PRINT May 1999


Nicholas Krushenick

NICHOLAS KRUSHENICK was one of the most exciting painters to emerge in the early ’60s. His work has always resisted classification. On an obvious level, it combined elements of coloristic hard-edge abstraction and Pop. More subtly, he was part of a trend that has been little discussed—the desire to transform the physical energy of AbEx into a vocabulary of coolly produced, impersonal, industrial-and commercial-looking forms. He shared this goal with artists as diverse as Ronald Bladen, George Sugarman, Al Held, and even Yayoi Kusama—all of whom exhibited at New York’s Brata Gallery, which Krushenick ran with his brother John from 1958 to 1962.

But what set Krushenick’s work apart was his uncanny ability to transform dynamic forces into a disembodied language of cartoon-like forms. With the advent of the computer-graphics revolution of the ’80s and ’90s, his painting has seemed increasingly prescient as an abstract, cartoonlike dynamism has become ubiquitous in our own visual culture. His best work, with its torqued organic forms, presages both Japanese animation and the “posthuman” abstraction being pursued by younger painters today.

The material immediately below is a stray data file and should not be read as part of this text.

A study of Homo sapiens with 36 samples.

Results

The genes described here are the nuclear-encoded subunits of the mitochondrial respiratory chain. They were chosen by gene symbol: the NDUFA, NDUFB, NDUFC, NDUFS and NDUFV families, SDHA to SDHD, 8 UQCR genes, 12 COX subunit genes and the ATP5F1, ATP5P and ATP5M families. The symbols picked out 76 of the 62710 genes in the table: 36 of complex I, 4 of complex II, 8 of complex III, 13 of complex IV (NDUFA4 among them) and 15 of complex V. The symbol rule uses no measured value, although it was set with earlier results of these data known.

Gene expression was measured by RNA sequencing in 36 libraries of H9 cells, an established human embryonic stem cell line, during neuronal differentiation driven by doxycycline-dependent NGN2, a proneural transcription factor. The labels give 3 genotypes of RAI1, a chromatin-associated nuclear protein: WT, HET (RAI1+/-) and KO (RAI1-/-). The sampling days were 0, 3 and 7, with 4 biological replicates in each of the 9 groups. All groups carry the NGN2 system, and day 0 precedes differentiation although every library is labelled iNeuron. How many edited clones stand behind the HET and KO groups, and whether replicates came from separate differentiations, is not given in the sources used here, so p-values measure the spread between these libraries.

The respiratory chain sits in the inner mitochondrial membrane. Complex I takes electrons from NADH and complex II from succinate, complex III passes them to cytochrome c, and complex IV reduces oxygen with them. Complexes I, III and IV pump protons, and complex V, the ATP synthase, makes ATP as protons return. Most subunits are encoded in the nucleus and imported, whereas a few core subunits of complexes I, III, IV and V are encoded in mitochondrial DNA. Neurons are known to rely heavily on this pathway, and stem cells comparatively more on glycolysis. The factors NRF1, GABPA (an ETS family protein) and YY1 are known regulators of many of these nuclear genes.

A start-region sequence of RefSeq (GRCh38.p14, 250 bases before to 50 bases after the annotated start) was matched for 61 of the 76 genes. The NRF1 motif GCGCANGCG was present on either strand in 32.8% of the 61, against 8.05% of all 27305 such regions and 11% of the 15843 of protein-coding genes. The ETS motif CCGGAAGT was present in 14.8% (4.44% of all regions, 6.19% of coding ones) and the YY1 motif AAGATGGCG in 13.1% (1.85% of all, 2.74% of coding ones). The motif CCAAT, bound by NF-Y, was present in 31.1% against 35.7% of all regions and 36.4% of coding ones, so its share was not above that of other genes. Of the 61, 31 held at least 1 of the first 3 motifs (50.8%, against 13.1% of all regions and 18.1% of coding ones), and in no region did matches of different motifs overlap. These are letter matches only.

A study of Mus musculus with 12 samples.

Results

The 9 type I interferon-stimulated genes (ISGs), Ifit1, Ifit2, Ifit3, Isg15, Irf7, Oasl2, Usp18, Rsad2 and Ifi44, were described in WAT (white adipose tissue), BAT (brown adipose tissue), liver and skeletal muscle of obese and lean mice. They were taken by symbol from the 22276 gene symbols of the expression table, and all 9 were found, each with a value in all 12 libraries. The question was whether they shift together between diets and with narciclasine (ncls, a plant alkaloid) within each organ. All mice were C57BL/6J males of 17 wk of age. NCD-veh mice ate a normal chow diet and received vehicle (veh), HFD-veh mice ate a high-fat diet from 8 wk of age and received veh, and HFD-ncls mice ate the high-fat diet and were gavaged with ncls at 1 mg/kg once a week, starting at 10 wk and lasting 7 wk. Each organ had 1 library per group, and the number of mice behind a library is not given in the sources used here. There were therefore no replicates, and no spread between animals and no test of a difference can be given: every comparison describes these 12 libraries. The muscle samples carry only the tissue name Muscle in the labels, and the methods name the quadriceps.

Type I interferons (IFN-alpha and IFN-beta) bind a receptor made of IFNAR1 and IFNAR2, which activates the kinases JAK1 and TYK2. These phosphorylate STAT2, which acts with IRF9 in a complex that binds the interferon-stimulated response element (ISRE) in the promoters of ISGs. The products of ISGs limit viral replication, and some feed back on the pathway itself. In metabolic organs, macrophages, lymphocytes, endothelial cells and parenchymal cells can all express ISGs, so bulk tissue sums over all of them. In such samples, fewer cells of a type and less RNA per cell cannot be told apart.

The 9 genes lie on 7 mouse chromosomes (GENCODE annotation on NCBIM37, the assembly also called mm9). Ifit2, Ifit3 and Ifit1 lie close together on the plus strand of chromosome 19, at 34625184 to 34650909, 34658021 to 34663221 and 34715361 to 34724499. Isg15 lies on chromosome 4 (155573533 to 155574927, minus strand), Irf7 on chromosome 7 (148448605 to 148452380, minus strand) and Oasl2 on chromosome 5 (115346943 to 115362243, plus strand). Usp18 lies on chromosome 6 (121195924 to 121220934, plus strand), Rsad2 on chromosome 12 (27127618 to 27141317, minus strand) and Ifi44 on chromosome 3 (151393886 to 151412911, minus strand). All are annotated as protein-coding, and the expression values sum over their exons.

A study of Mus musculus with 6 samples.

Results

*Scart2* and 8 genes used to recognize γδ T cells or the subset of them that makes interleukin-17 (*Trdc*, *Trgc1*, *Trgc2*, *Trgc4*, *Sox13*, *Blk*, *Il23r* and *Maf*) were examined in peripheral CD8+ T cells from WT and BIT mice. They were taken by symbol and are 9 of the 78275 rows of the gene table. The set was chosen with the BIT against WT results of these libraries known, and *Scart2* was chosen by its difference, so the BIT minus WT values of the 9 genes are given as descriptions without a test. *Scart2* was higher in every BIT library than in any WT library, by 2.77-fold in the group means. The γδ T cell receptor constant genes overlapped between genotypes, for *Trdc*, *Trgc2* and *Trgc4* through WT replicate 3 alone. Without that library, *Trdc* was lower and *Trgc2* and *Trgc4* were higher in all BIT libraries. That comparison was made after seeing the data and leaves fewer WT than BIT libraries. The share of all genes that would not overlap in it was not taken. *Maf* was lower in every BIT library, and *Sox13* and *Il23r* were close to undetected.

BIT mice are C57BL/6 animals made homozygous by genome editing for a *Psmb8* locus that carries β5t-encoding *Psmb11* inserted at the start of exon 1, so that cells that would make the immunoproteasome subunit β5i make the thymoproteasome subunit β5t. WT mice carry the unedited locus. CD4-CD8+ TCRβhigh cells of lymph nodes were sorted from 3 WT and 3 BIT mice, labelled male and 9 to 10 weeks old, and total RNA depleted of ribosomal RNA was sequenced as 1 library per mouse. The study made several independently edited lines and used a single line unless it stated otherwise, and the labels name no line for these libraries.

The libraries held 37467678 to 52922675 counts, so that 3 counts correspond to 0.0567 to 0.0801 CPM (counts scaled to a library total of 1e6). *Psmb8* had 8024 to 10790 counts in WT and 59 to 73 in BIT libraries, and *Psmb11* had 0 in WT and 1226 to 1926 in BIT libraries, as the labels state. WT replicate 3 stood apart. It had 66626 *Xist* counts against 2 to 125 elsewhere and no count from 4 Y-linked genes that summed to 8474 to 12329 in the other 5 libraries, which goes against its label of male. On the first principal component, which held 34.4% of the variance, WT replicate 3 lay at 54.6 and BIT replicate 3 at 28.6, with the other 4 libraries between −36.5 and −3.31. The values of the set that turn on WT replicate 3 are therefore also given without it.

Krushenick was an ebullient painter. In a 1971 catalogue, he cited Matisse and Leger as his chief influences. His paintings, while • always energized, are usually at the same time aesthetically uncomfortable, like those of his first teacher, Hans Hofmann. Krushenick moved enthusiastically from one visual idea to the next, producing a body of work that, while uneven, features strong paintings. His improvisatory, unprogrammatic approach reflects his roots in the art world of the ’50s.

Nicholas Krushenick was an iconoclastic figure. He largely withdrew from the art world in the mid-’70s, a period in which he also suffered eye problems. In 1977, he accepted a position at the University of Maryland, where he taught until 1991. The artist’s last dealer, Mitchell Algus, who will exhibit his work in May, describes Krushenick as “gruff, funny, and direct,” and as someone who “didn’t tolerate bullshit.” He died on February 5, 1999.